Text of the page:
Peripheral Vascular Disease (cont.)
Melissa Conrad Stöppler, MD
Melissa Conrad Stöppler, MD, is a U.S. board-certified Anatomic Pathologist with subspecialty training in the fields of Experimental and Molecular Pathology. Dr. Stöppler's educational background includes a BA with Highest Distinction from the University of Virginia and an MD from the University of North Carolina. She completed residency training in Anatomic Pathology at Georgetown University followed by subspecialty fellowship training in molecular diagnostics and experimental pathology.
Daniel Lee Kulick, MD, FACC, FSCAI
Dr. Kulick received his undergraduate and medical degrees from the University of Southern California, School of Medicine. He performed his residency in internal medicine at the Harbor-University of California Los Angeles Medical Center and a fellowship in the section of cardiology at the Los Angeles County-University of Southern California Medical Center. He is board certified in Internal Medicine and Cardiology.
In this Article
- Peripheral vascular disease facts
- What is peripheral vascular disease?
- What is atherosclerosis?
- How does atherosclerosis cause disease?
- What are potential complications of peripheral artery disease?
- What are the other causes of peripheral vascular diseases?
- Who is at risk for peripheral artery disease?
- What are the symptoms and signs of peripheral artery disease?
- How is peripheral artery disease diagnosed?
- What are the treatments for peripheral artery disease?
- Lifestyle changes
- Supervised exercise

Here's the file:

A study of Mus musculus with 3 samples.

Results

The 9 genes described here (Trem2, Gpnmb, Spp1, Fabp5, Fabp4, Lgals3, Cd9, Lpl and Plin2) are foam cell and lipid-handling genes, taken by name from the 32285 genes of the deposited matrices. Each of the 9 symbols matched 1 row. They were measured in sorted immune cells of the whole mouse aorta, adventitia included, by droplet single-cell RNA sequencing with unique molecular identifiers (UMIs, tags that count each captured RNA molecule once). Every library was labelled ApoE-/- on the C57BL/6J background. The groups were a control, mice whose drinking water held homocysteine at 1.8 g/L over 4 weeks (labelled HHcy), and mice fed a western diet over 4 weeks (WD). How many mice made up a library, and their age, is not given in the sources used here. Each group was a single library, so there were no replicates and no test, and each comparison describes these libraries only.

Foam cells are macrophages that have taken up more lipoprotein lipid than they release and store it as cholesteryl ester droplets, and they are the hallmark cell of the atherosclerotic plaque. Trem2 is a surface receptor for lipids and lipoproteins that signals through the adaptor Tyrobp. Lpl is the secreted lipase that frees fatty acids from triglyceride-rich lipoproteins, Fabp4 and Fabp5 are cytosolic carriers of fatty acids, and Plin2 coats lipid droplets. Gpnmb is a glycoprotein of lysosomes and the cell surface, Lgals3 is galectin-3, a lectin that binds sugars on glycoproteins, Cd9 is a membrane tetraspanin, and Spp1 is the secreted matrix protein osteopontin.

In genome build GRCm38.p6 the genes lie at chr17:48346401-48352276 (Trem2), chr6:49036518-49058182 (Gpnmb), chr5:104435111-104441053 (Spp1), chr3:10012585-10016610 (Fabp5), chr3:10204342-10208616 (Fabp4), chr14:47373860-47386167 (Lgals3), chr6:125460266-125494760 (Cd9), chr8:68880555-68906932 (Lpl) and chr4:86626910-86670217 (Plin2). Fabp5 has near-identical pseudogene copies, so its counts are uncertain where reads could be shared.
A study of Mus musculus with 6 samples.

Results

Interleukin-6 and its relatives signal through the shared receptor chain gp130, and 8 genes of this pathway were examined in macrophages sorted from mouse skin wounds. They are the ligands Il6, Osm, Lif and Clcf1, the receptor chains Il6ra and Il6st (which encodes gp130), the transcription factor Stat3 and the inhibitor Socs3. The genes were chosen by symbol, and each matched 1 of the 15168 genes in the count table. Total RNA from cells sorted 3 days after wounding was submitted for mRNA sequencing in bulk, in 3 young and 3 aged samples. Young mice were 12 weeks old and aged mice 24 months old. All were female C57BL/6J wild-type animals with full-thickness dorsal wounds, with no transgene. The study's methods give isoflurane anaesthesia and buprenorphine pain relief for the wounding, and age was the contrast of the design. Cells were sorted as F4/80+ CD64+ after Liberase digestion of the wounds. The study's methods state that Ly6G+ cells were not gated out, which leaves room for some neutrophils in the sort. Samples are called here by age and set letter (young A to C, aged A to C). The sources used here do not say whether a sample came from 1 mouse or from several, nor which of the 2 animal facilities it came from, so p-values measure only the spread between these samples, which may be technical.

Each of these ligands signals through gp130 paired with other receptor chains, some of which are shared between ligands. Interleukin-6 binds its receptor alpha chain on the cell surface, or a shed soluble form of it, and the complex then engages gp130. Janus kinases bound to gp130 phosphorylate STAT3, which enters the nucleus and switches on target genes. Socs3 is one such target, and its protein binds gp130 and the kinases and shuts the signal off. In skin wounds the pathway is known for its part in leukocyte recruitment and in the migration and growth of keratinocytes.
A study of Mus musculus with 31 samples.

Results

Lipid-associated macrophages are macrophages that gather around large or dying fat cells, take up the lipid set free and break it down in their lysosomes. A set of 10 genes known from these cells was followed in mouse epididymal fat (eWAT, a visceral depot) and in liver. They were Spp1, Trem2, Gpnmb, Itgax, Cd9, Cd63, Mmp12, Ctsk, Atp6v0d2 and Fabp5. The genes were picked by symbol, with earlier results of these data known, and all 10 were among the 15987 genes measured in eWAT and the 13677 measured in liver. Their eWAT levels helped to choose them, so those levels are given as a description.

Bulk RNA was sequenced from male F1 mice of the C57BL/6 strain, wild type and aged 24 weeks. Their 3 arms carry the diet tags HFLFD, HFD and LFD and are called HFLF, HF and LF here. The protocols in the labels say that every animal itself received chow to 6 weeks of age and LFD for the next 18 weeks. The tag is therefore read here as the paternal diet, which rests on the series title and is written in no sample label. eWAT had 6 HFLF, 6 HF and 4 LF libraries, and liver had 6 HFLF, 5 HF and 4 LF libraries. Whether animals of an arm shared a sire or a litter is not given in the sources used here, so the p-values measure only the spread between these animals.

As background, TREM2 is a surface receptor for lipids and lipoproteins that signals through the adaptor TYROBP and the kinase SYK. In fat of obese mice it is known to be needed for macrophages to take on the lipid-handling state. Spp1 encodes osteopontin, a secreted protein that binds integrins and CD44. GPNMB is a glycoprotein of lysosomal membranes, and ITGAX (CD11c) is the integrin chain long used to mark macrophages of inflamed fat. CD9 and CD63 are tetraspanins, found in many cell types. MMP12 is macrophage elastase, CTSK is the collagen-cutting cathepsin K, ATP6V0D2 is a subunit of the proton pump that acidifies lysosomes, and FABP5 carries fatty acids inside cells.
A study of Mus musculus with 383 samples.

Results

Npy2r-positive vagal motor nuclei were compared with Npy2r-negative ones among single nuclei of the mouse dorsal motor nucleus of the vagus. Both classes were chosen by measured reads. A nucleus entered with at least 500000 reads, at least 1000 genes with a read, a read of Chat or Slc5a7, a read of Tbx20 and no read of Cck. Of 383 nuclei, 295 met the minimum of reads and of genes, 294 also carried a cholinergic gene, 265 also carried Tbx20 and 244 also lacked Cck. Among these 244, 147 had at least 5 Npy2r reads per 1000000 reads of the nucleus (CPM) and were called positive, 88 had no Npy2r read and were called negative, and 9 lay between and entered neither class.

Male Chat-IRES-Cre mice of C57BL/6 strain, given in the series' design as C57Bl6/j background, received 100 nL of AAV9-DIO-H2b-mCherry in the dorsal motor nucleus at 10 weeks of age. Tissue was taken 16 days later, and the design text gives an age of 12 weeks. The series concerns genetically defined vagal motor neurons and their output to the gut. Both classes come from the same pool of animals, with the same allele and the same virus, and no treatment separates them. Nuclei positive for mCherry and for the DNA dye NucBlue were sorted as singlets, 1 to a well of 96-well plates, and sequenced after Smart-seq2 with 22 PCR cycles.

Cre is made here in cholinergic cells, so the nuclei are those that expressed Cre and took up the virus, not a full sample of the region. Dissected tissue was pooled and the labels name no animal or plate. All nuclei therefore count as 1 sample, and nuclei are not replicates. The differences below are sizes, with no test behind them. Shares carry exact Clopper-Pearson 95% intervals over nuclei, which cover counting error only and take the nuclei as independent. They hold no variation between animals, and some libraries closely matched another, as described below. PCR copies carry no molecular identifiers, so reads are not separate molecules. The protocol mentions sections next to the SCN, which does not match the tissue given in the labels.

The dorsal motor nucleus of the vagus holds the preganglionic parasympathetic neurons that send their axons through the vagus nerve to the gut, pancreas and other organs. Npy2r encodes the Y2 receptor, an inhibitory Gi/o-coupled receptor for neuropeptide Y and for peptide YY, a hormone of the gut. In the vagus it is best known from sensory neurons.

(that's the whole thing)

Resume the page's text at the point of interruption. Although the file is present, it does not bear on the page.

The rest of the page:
- Peripheral vascular disease medications
- Angioplasty for peripheral vascular disease
- Surgery for peripheral vascular disease
- Find a local Cardiologist in your town
Angioplasty for peripheral vascular disease
Angioplasty is a nonsurgical procedure that can widen a narrowed or blocked artery. A thin tube (catheter) is inserted into an artery in the groin or arm and advanced to the area of narrowing. A tiny balloon on the tip of the catheter is then inflated to enlarge the narrowing in the artery. This procedure is also commonly performed to dilate narrowed areas in the coronary arteries that supply blood to the heart muscle.
Sometimes the catheter technique is used to insert a stent (a cylindrical wire mesh tube) into the affected area of the artery to keep the artery open. In other cases, thrombolytic medications (medications that dissolve blood clots) may be delivered to the blocked area via a catheter.
Angioplasty does not require general anesthesia and may be performed by an interventional radiologist, cardiologist, or vascular surgeon. Usually, a local anesthetic at the area of catheter insertion and a mild sedative are given. Major complications of angioplasty are rare, but can occur. These include damage to the artery or blood clot formation, excessive bleeding from the catheter insertion site, and abrupt vessel closure (blockage of the treated area occurring within 24 hours of the procedure).
Despite these risks, the overall incidence of complications is low and the benefits of angioplasty (no general anesthesia, no surgical incision, and the ability to return to normal activities within a couple of days) outweigh its risks. Usually a one-night hospital stay is required when angioplasty is performed.
Angioplasty is indicated when a patient has claudication that limits his or her activities and does not respond to exercise, medications, and lifestyle measures. Most doctors also recommend angioplasty when disease is very severe and there is a focal, localized narrowing that is accessible via catheter. If a patient is too ill to have surgery and has severe ischemia (decreased oxygen) that threatens loss of a limb, angioplasty may also be attempted.
Some cases of peripheral artery disease may be more difficult to treat by angioplasty. For example, blockages in multiple small arteries of the legs or blockages in extremely small vessels may not be treatable by this method.